LM358 Test circuit

Thread Starter

Ford Prefect

Joined Jun 14, 2010
207
So far you've got three suggestions for a test circuit; all of them will do the job, and I can't think of anything simpler that will do a meaningful test. Are these three circuits inadequate in some way? And if so, what's wrong with them?
Nothing that I can see but I'm just asking if anyone has any other good ideas it would just be nice and informative to hear them and I'm very grateful to all who contribute.
 

Audioguru again

Joined Oct 21, 2019
3,866
The lousy old LM358 has many problems such as crossover distortion, noise and poor high frequency response. Maybe these problems should also be tested?
Instead of throwing away the worst ones, why not select a modern opamp that does not have these problems?

I designed an equalizer module for a new speaker. The equalization had many peaks and nulls that needed accurate levels and frequencies. Low noise and distortion were important. I designed and built a tester for all these things and had thousands of equalizers built with ON Semi TL074 quad opamps.
Only one opamp failed because it was mounted backwards. One module failed because an electrolytic capacitor was shorted.
None of the thousands of modules were returned. So the quad opamps were very reliable.
 
If the op amp isn't used as a comparitor, then measuring the differencef the + and - inputs should be close to 0.

The osc test sounds good because it can also test drive.

Gain and offset tests are two other ones. Basically the same circuit. Set one for a gain of 10. Use an LM10 as source of voltage (200 mV min) and 0V. You would measure offset voltage x10.
 

Thread Starter

Ford Prefect

Joined Jun 14, 2010
207
I want to thank everyone who contributed and helped me with a LM358 test circuit, particularly OBW0549
I built the circuit the other day that he presented in Post #3 above and despite having to use slightly different value components (because I didn't have the ones in his circuit), the circuit works very well.

The schematic is here:
Capture3.JPG

I made the PCB on a 64x56mm board with the traces only on the bottom as below:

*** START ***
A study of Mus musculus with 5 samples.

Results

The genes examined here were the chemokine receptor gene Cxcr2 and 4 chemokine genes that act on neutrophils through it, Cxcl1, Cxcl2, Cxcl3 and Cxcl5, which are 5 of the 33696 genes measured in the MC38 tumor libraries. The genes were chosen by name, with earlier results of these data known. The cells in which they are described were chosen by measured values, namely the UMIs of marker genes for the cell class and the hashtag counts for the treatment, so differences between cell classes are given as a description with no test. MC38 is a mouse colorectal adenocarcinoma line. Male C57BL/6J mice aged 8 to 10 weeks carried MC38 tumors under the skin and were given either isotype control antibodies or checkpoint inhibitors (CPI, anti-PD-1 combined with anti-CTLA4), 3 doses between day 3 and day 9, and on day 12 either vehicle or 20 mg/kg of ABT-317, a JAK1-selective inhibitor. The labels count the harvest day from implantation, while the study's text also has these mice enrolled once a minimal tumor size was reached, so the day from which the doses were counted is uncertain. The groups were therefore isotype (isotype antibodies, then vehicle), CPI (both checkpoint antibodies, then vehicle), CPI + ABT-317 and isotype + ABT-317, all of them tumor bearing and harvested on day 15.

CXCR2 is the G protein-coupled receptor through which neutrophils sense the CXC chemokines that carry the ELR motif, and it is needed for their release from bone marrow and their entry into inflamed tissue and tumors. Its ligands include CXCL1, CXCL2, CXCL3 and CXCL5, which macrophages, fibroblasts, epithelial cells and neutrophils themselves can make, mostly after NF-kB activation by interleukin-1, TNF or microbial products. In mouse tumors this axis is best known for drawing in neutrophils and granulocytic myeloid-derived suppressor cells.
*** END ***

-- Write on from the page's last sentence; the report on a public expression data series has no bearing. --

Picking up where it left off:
Capture4.JPG

Board without showing the traces:
Capture1.JPG

Board with only the traces:
Capture2.JPG

The finished board (without an LM358):
IMG_20200802_100915.jpg

On testing I checked an LM358 which I knew worked without fault and the LED's flashed at first at the same time but I think because of very slight variations of component values the LED's flashed alternately at a rate of about once every second...
IMG_20200802_101735.jpg

I also had 2 LM358's that I suspected to be faulty and put them to one side and later tested.
This LM358 did not flash the LED's and was getting extremely hot!

IMG_20200802_101421.jpg

I had tried the other faulty LM358 and discovered that ONLY the right half of the op-amp was working, (the green LED was the only LED flashing).
IMG_20200802_101434.jpg

PS. I wired a 0.1uF ceramic decoupling capacitor at pins 4 and 8 of the IC socket on the underside of the board.
:)
 
Last edited:

Audioguru again

Joined Oct 21, 2019
3,866
I designed an audio equalizer product and had over 20,000 built, thoroughly tested and sold. Not a single one failed but one had a defective electrolytic capacitor and another had its TL074 quad opamp installed backwards.
Guess what, the opamps were not bought on ebay. They were genuine and were made and bought locally.
 

DarthVolta

Joined Jan 27, 2015
521
Well I pitty the 1st guys trying to calculate the outcome of an op-amp, without already knowing that you could set the ouput in your equations and work backwards for some of it too. But I suppose they could still say that they wanted a certain output, and work backwards......so I'd firgure it out too after a while.

What I certainly can't do yet is tackle a complex audio amp for instance. I could cheat, and skip ahead to that chapter and just use the equations if I had the values, but that's not my goal. I've had a glimpse of the k-factor or something, that determines if a feedback loop is more + or neg FB, I should find and learn that now.
 

Joined Apr 3, 2014
234
One suggestion to any further test circuit builders: Avoid using the stamped sheet metal contacts. They tend to wear out after a few insert and extract cycles giving intermittent contact. This may interfere with proper testing.
1632922382974.png

I'd suggest using the machined pin style sockets or better yet, a zero insertion force socket that has a lever to clamp on the part under test.
1632922454665.png
Zif socket:
1632922544220.png
 

Thread Starter

Ford Prefect

Joined Jun 14, 2010
207
I'd suggest using the machined pin style sockets or better yet, a zero insertion force socket that has a lever to clamp on the part under test.
View attachment 249074
Yes of course, thanks for the suggestion this is a good idea
I did actually change the IC socket to a machined socket a couple of weeks after the build. It was only because I didn't have any machined IC sockets at the time of the build.